Fifth graders dressed in character and presented speeches using a first-person monologue
By Toni Konz Tatman | JCPS Communications
The fifth graders at Farmer Elementary School could barely contain themselves on Friday morning, just moments before their Historical Character Museum opened.
"I'm so excited!" said Shayla Bockelman, wearing a long, floral dress and a bonnet while holding a replica of the first American flag in her hands.
It only took a second for her to introduce her character, Betsy Ross, when prompted.
Standing next to her was Baye Samba, who chose Phillis Wheatley as her character.
It's the ninth year for the annual event and for many students, it's a project they have waited six years to present.
"They've been coming to the historical character museum since they were in kindergarten," said Farmer's social studies teacher Christina Cornelius, who assigns the project to fifth graders each year.
Among the characters represented in the museum were Sally Ride, Anne Frank, Steve Jobs, Muhammad Ali, Albert Einstein and John F. Kennedy.
As part of the project, each student had six weeks to pick a historical character, conduct research and prepare a conversational speech using a first-person monologue as their script.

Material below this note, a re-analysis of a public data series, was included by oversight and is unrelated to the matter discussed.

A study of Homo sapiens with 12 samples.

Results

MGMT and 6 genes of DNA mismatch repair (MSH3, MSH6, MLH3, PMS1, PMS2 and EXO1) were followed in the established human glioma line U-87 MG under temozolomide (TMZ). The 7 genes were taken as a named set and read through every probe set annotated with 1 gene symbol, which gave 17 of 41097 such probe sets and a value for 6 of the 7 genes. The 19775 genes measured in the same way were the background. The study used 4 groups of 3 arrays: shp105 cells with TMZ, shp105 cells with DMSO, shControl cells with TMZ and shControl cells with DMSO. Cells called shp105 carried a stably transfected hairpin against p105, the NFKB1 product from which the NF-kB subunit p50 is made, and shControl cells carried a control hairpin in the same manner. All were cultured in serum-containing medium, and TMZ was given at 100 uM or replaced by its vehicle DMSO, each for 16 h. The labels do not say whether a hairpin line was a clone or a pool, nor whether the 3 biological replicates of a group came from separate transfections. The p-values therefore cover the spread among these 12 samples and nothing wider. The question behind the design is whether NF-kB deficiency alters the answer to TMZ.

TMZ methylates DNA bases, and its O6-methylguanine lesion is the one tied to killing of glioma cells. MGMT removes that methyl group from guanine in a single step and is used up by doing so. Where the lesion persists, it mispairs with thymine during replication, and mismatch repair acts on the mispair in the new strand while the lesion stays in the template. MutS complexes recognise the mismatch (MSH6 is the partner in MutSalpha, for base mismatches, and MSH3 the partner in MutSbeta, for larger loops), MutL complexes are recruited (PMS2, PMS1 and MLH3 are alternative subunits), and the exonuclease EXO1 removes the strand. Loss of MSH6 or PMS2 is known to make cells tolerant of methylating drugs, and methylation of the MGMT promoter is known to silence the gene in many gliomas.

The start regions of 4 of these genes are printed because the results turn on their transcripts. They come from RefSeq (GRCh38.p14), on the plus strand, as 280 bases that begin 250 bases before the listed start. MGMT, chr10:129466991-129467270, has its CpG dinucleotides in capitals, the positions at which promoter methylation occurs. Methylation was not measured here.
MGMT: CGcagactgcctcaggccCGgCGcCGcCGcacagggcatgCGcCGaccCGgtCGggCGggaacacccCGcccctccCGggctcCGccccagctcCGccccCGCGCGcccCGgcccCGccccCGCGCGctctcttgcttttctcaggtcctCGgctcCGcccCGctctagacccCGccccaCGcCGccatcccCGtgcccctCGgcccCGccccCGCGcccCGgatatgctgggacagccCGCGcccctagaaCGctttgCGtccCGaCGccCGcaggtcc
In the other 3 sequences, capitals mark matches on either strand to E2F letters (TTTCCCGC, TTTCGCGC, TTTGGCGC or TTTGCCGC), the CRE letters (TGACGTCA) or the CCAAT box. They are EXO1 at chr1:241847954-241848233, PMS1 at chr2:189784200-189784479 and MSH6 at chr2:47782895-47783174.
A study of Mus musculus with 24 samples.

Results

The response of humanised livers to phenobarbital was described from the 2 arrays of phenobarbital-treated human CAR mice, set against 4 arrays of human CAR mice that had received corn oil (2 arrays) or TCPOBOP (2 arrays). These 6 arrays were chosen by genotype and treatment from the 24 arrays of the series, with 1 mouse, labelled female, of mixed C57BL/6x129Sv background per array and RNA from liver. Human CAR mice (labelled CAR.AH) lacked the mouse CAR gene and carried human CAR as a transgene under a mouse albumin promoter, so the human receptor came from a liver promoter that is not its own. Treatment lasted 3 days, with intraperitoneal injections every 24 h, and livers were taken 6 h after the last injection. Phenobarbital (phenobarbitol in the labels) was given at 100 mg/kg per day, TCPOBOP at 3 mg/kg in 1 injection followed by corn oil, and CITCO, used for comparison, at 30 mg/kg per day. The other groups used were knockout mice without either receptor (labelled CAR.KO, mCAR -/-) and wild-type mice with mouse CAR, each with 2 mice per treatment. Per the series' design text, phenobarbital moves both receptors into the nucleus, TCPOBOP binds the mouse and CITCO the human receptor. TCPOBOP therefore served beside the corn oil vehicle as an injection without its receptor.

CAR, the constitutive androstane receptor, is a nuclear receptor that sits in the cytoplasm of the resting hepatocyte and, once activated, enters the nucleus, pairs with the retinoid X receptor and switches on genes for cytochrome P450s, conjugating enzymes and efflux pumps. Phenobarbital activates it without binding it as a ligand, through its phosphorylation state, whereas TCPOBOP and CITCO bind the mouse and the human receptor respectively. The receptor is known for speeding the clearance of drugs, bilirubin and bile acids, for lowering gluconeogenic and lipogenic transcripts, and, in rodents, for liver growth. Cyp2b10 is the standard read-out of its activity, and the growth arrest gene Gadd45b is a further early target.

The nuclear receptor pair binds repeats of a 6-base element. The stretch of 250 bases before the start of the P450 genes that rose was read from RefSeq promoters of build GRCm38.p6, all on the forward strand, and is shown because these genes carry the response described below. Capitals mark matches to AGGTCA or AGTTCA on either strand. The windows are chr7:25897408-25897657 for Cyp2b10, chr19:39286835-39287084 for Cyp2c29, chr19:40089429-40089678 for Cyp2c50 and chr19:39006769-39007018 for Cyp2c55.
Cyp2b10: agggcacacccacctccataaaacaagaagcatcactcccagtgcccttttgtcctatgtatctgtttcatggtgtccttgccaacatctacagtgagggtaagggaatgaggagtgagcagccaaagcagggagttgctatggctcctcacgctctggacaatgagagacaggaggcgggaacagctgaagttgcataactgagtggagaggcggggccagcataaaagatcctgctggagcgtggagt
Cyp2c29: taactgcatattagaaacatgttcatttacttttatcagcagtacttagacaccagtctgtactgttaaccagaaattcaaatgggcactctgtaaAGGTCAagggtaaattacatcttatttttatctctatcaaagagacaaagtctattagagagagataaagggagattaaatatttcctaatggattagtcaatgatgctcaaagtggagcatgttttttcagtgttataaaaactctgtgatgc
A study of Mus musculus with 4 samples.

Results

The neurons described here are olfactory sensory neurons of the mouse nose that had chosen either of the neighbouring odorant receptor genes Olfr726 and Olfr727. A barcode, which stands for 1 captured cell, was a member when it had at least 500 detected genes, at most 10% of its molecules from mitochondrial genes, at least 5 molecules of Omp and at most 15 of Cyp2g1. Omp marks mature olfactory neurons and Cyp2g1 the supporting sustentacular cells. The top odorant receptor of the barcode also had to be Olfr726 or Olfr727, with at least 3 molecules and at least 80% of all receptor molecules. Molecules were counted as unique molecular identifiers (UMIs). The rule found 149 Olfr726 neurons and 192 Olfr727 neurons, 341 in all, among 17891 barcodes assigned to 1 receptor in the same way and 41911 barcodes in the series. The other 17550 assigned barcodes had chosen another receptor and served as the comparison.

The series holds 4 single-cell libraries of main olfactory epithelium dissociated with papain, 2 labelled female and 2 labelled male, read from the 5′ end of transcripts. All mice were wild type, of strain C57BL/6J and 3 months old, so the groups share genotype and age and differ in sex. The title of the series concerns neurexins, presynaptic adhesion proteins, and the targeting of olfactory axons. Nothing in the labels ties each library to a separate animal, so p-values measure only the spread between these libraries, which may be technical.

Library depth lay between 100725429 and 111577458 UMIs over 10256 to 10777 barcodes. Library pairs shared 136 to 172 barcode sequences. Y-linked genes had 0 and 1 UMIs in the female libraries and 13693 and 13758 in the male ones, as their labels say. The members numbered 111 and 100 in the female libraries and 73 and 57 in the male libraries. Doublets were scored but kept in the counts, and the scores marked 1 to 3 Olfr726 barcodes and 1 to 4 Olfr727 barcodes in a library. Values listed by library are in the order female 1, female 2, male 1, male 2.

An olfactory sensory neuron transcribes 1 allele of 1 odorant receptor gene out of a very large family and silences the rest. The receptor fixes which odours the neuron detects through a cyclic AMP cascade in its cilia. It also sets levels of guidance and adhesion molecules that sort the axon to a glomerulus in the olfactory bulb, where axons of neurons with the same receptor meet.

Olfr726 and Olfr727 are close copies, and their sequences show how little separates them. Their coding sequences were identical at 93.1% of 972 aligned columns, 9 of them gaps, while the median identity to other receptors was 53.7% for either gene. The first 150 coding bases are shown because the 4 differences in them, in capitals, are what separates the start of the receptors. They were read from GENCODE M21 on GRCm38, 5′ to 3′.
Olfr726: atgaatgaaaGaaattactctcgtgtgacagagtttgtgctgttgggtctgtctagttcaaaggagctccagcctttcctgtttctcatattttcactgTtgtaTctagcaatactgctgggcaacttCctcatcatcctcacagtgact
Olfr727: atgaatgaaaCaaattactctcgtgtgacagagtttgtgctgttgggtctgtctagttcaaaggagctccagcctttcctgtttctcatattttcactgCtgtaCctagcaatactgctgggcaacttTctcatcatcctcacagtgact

They then assembled costumes and props representing the historical time period during which their character lived.
"Some are very shy in the beginning, but I think one of our most important responsibilities as an educator is to build those leadership skills," Cornelius said. "This certainly builds their confidence with public speaking and taking chances and putting themselves out there."
Cornelius said she sends the note home about the project about two weeks before Halloween so parents can take advantage of post-holiday sales on costumes.
"Many times, they are able to go to their closet or their grandparents' closet and find the items they need," she said. "It's really neat to see how creative and innovative they can be."
The activity is a great example of the Deeper Learning initiative that is at the forefront of the district’s strategic plan. The framework was adopted by the Jefferson County Board of Education in June 2016 as a way to encourage students to be more independent and take a more active role in their learning process.
"This really connects them with what they learn in class; it brings their learning to life," Cornelius said.